There Are Things Which Need Fixing

By Elisa Díaz Castelo

 
The window won't open, dust is everywhere, the curtains
don't keep out the light, the heater is old, the chair
limping. I won't even start with the kitchen:
the crack in the teapot, etc., the refrigerator
rumbles like a hungry beast and is never full, the knife
has lost its sharpness and the cabinets squeak.
 
There are thing which need fixing,
there are things
that have begun to end.
Their endings — luminous threads —
uncoil from their centers or gather
around them like children round a mother.
 
Things are dumb and blind that way, I tell you,
bound to their ends, always on the slow
one-way road to disintegration.
 
The old man's hunch, the broken rib,
the lingering cough, the arm in a cast,
the ingrown toenail.
There are things that need fixing!
 
In my city, the streets burst open with rain,
as if something inside them could not wait
to be born. Stray dogs roam the alleys
looking for lost hopes, 
and the palace of Bellas Artes sinks
ever so slow.
 
There are things that need fixing:
the cemeteries run out of room
and our dead ones are piled
over one another, no respect for common sense
or taste. Aunt Gertrude over Grandpa,
Rosa and Marine, lifelong enemies,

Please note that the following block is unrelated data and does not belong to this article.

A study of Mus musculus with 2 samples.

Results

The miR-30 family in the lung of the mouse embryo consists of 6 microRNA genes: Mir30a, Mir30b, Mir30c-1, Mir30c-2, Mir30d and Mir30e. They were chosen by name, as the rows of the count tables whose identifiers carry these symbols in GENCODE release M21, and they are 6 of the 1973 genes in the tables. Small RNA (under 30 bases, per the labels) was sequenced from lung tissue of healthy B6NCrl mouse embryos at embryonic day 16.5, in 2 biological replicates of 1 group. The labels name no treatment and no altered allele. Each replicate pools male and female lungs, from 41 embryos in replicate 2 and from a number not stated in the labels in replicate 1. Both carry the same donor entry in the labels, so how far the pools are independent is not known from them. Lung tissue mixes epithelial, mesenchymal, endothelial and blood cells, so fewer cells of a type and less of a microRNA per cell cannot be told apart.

are having an eternal bone to bone.
This can't be right.
  
The stars go out like old lightbulbs,
the constellations jumble,
night curls up on my tummy,
a newborn, unwanted, child.
They ask me to cut the umbilical cord.
 
Things that need fixing: the universe 
expands and now they say
that it will never stop, it will grow on,
accelerate and die. The planets, then,
will keep on turning round
the turned-off sun.

There are things which need fixing.
Posterity: the tickets are sold out.
My hand is a slow beast
that speaks in ash. 


Elisa Díaz Castelo was born and raised in Mexico. She holds an MFA from New York University in poetry and has received the Fulbright and Goldwater fellowships. She is committed to writing in both English and Spanish, and her work often meditates on the incomprehensibility that exists in the threshold of different languages and cultures. Her poems in Spanish appear in Periódico de Poesía, Los Bárbaros, and Sobremesa, among others. She recently received the FONCA fellowship for young writers and lives in Mexico City.

2 Comments

  1. Damian
    Posted January 2016 at 3:39 pm | Permalink

    Well done Elisa!

  2. Charanjit Singh
    Posted April 2017 at 10:14 am | Permalink

    What a touching imagery! Thank you Elisa.